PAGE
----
Weekly Geeks #27: Blogging for Dewey

Earlier this week, Becky suggested:

I was thinking that it might be nice for those bloggers who are Weekly Geeks to pay tribute to Dewey in the next week or so. To take the time to post to their blogs a “Weekly Geek” post about Dewey–maybe share their favorite posts from her site, maybe share a memory or two about participating in weekly geeks, the bookworms carnival, the 24 Hour Readathon, or one of Dewey’s challenges, maybe just share a favorite memory of Dewey in general, what they’ll miss most, how they’ll remember her, etc.

Becky’s tribute to Dewey was posted this earlier this weekend.

In my post on Tuesday, I said:

Dewey was dedicated to book blogging, and didn’t bring her personal life to her blog very often. She had a husband and son whom she mentioned now and then, and she made occasional references to health issues but had never discussed them in detail on the blog, so this post was a shock to many of us…Dewey was a valued member of the book-blogging community not only because of her insightful reviews and generous book giveaways (I won a couple of those myself), but because she did so much to help build and strengthen that very community.

I found Dewey’s blog through her participation in a MotherTalk Blog Tour some time last year (I can’t remember which book it was for), and to be honest, I was a little intimidated at first. She seemed like such an accomplished blogger and book reviewer that I was surprised when I later learned she had started blogging later than I did! Before long, though, I was subscribing to her blog feed and becoming a sometime commenter.

Dewey’s book reviews were thoughtful and insightful – I tried to learn from her to make my own reviews better and more informative. She encouraged the blog conversation by responding to comments regularly, and I can think of several books she brought to my attention.

Dewey excelled at cultivating the book-blogging community. I don’t go in for reading challenges myself, so I didn’t participate in any of hers, but I was enthusiastic about Weekly Geeks from the time she launched it this past spring, even though I didn’t play every week – I don’t go in much for photo-blogging, so I passed on most of those assignments. I liked the blog-hopping assignments when I had time to do them – I added quite a few new blogs to my Google Reader feeds thanks to those. However, I think my very favorite WG theme came along early – Weekly Geeks #3, which asked us to share memories of our favorite childhood books. That actually inspired the theme for one of my best blogging experiences ever, which was also in connection with Dewey – hosting Bookworms Carnival #14: You’re Never Too Old, which focused on kids’ and young-adult literature. It was fun to put the carnival together and discover more new-to-me book bloggers, but what made it even more fun for me was recruiting some of my non-book-blogging online buddies into participating too, because the topic was pretty universal. I’d love to host another Carnival – maybe next year.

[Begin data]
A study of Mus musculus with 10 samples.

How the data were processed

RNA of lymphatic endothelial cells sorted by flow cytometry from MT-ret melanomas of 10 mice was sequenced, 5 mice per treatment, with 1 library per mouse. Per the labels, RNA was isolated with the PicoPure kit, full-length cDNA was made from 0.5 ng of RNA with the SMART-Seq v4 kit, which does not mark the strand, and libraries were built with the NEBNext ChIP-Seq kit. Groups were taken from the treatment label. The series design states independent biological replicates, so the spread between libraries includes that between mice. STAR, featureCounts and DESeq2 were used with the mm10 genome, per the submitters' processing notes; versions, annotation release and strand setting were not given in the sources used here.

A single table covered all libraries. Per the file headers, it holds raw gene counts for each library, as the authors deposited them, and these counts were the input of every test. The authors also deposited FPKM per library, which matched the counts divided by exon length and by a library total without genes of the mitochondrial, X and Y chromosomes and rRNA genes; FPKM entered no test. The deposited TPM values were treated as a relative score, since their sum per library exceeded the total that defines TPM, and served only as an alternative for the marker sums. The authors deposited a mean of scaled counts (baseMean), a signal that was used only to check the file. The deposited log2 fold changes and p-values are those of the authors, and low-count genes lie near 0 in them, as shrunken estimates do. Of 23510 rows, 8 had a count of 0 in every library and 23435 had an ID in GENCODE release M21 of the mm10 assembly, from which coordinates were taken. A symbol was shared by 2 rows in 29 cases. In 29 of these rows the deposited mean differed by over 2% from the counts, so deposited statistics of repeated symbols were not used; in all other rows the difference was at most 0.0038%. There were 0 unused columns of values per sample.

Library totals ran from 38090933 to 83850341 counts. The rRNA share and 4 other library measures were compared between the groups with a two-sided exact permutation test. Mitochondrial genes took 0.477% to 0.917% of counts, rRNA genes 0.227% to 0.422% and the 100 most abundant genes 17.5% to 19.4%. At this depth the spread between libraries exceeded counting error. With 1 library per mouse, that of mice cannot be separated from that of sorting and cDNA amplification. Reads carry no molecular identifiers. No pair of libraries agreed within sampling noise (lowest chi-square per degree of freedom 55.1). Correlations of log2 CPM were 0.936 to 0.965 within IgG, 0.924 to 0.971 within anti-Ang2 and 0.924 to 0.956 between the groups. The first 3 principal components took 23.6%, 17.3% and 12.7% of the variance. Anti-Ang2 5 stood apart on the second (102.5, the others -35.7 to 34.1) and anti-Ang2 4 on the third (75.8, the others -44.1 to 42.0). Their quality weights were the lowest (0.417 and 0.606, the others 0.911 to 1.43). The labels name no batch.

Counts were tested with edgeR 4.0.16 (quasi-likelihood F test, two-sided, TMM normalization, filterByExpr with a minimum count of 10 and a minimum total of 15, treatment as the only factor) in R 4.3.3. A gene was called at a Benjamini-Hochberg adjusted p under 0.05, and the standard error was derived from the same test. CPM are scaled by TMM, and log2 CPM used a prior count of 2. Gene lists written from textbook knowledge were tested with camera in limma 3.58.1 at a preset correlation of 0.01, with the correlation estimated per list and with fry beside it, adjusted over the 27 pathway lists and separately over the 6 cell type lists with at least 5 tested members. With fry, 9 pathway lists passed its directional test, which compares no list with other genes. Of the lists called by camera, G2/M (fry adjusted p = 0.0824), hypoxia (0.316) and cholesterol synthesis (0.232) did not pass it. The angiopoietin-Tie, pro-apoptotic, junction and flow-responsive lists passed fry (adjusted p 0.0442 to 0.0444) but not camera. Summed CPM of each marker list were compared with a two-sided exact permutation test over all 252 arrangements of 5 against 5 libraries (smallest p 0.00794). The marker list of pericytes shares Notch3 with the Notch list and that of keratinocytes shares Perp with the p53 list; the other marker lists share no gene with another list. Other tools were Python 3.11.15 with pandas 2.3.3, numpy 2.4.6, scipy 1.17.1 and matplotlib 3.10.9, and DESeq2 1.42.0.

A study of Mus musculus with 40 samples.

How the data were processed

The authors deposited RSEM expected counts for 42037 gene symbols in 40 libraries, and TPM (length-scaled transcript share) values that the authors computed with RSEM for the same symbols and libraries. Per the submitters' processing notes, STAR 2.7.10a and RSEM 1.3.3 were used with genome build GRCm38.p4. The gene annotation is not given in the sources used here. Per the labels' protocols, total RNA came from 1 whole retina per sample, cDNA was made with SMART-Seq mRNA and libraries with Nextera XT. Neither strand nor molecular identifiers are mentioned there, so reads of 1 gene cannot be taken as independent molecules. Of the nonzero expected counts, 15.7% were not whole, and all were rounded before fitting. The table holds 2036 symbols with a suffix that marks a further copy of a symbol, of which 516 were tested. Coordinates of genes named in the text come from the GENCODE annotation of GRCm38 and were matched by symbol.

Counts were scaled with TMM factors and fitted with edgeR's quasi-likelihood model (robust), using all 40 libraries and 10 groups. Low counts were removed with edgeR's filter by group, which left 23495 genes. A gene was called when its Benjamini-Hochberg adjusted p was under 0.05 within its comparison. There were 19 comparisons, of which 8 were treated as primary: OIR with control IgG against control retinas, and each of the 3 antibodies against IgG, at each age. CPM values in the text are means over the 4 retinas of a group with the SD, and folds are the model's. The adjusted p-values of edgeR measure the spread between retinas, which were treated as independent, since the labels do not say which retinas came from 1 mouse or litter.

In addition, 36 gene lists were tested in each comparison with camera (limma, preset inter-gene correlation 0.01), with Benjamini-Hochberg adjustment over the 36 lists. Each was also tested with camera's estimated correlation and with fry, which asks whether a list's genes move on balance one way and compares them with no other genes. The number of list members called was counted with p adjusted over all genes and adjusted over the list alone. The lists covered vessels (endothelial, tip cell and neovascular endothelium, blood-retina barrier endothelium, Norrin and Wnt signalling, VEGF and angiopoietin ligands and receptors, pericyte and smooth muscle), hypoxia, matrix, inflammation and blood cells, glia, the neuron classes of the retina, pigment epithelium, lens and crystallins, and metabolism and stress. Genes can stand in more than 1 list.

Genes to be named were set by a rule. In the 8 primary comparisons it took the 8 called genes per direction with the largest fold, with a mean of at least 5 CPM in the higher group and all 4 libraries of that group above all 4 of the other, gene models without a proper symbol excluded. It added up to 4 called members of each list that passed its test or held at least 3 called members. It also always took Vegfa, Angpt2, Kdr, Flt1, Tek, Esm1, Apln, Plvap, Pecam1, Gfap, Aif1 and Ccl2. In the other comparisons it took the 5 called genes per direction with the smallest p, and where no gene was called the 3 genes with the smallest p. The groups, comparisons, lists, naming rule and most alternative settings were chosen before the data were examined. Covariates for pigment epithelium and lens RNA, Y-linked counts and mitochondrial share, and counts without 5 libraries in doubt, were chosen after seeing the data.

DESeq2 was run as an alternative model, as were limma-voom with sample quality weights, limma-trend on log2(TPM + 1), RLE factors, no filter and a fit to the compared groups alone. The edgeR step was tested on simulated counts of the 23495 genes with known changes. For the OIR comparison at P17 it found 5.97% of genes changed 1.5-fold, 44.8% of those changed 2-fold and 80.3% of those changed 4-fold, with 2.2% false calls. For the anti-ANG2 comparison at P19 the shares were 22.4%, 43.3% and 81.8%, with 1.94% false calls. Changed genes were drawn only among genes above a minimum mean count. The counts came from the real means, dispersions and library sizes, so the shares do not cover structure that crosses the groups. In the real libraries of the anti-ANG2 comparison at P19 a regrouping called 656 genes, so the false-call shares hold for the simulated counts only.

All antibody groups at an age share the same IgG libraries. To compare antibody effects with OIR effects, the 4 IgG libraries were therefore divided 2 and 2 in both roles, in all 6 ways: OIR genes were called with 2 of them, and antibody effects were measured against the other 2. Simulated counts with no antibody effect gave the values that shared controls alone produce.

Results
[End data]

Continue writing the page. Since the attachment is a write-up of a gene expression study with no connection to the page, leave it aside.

I regret that I never did participate in one of the 24-Hour Read-a-Thons, but the last two were on weekends when I was already committed to something else. Maybe I’ll get the chance next spring.

There will be future chances to join in the Read-a-Thon, the Bookworms Carnival, and Weekly Geeks – book bloggers are committed to ensuring that Dewey’s community-building projects continue, and I’m honored to be part of the group that’s working to make it happen. It won’t be the same without Dewey, though. She was a friend to many and an inspiration to even more, and I’ll miss her.

Image by Bethany of B&b ex libris

**** Have you entered any of my FOUR giveaways yet? Find out more here! They’re open until Friday (December 12), and you may enter any or all. 


  2. A lovely tribute, Florinda. Dewey did so many wonderful things for the book blogging community. I’m so glad her projects and challenges and everything are being carried on. 🙂

  3. Tanabata – Thank you, and I’m glad her projects will carry on too. We’ll do our best to keep them going, at any rate – that’s what community is all about, isn’t it?